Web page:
Yeast. It’s the seemingly magical ingredient that takes a bowl of water, flour, and salt from simple ingredients to a fluffy ball of beautiful dough ready to be kneaded, shaped, and baked into mouthwatering bread. It gives dough the lift, flavor, and airiness that make fresh baked bread so irresistible. The tricky part? Yeast is a living organism, a fungus, that comes in multiple forms and needs proper care to produce the carbon dioxide needed to make bread rise. Don’t fear yeast. Understand yeast.
Types of Yeast
Fresh Compressed—Also known as cake yeast, this form is live, moist yeast pressed into squares and sold in select stores, often seasonally. It has a very short shelf life, so check expiration dates meticulously.
Active Dry—Our test kitchen’s most commonly used variety, this form of yeast comes in pellets made up of live yeast cells surrounded by dehydrated cells and a growth medium. Typically, recipes call for rehydrating, or proofing, the pellets in lukewarm water to activate the dormant yeast.
Instant—This form comes in smaller pellets that contain more live cells than active dry yeast pellets. It can be added directly to dough or proofed in lukewarm water. Its smaller shape and composition mean these pellets activate quicker than those of active dry yeast.
Rapid-Rise—A type of instant yeast also known as Bread Machine Yeast, this form can be mixed straight into dry ingredients. These smallest pellets are a form of instant yeast that dissolves and produces carbon dioxide faster, making your dough rise, well, rapidly. The downside to this quick rise is that the yeast doesn’t have time to develop its own flavor, and many find that bread made with it just doesn’t taste as good.
Sourdough Starter—Many people overlook the sourdough starter as a form of yeast. In reality, this mixture of flour and water that is allowed to ferment naturally is the oldest form of passing the tiny microscopic organism from one batch of dough to the next—used well before science allowed us to see yeast by putting it in pellet form. A live culture of yeast lives in the flour and water mixture you create, feed, and use. People have been known to keep starters alive for decades.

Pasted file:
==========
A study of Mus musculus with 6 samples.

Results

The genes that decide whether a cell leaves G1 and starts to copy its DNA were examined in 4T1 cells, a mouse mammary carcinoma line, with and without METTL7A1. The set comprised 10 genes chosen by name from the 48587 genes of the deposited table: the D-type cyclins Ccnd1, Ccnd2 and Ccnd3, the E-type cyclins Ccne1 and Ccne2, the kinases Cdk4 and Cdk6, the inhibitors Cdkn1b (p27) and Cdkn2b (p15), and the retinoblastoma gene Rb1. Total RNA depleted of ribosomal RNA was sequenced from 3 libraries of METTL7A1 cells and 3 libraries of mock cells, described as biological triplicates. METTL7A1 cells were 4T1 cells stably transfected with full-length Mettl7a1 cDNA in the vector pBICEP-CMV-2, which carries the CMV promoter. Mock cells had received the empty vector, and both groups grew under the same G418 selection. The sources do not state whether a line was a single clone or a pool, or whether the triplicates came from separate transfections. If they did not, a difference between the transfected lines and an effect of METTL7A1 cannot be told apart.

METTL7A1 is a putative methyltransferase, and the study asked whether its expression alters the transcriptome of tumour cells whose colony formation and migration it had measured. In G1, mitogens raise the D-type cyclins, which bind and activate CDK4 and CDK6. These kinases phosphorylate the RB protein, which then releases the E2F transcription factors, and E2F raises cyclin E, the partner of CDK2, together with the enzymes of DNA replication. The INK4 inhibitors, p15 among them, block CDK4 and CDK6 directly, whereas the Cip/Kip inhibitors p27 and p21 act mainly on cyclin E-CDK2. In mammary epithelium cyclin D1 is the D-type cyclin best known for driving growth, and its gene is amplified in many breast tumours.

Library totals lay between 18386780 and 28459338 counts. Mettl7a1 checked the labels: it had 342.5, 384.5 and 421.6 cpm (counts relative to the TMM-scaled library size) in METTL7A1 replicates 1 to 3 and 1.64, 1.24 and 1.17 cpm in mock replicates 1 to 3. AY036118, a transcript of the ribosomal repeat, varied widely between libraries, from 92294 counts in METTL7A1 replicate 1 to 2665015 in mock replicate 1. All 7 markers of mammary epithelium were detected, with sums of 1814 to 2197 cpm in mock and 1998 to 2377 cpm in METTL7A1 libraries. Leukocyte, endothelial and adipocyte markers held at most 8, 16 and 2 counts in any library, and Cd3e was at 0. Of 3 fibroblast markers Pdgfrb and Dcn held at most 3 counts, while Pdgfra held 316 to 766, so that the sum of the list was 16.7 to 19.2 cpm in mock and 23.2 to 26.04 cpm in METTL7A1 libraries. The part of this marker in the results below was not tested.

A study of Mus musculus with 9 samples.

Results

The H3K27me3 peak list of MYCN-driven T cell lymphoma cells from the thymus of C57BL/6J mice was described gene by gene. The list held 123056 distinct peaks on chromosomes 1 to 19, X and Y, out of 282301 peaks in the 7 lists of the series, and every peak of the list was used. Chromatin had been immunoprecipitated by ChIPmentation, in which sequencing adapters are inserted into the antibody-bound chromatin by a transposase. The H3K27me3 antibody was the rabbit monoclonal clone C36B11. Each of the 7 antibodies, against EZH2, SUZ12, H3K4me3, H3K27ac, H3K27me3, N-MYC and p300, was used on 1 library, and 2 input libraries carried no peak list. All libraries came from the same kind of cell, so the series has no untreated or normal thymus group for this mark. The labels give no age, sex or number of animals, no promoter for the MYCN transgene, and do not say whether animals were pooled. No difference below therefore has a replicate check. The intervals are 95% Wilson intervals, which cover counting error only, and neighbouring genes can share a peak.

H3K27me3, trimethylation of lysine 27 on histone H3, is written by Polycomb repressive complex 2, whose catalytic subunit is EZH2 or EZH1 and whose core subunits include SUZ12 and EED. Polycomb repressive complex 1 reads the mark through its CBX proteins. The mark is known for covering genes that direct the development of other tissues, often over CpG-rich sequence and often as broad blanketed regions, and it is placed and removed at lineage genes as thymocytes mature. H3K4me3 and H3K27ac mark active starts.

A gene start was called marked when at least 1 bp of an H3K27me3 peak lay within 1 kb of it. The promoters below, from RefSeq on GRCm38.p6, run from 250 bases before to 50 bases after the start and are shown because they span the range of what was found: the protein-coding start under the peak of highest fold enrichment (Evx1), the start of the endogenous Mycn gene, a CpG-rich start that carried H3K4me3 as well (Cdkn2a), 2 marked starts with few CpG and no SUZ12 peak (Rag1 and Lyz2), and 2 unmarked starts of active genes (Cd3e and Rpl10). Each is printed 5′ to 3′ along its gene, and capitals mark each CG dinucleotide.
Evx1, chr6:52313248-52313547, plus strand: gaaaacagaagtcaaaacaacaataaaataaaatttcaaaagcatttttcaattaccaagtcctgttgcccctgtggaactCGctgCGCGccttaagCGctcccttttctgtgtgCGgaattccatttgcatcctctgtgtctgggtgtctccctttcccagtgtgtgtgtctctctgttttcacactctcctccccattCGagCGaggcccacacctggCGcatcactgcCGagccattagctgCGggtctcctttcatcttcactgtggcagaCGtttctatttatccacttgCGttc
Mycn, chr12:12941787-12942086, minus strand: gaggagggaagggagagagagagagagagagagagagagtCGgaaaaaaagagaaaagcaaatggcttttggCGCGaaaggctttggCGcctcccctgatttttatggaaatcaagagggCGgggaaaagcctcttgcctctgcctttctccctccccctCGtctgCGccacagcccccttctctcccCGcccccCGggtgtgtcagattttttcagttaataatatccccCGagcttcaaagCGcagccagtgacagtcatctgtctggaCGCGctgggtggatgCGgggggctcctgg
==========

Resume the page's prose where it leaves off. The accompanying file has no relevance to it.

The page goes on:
What type should you use?
All yeasts are not created—or used—equally. We recommend using the type and amount of yeast called for in the recipe you are following. However, there is a fairly simple conversion that works if you need to substitute yeasts in a pinch. If a recipe calls for 1 ounce of fresh yeast, you only need .5 ounces of active dry or .4 ounces of instant. A sourdough starter should only be used in recipes that call for it, as it adds a very notable flavor difference.
Yeast Do’s and Don’ts:
- Do use yeast! Don’t be intimidated by bread recipes. There’s nothing more satisfying than pulling a home-baked loaf of bread from the oven.
- Do make sure to use the form of yeast called for in the recipe, or make the correct conversions
- Don’t use hot water. Make sure your water is lukewarm (between 80-100°). Hot water will kill the yeast.
- Don’t add salt before the first proofing. Salt can slow or kill yeast growth, depending on the amount. Wait until after you have bloomed your yeast to add the salt.
- Don’t use out-of-date yeast. Expired yeast yields a poor rise. Always check the date on your yeast before baking.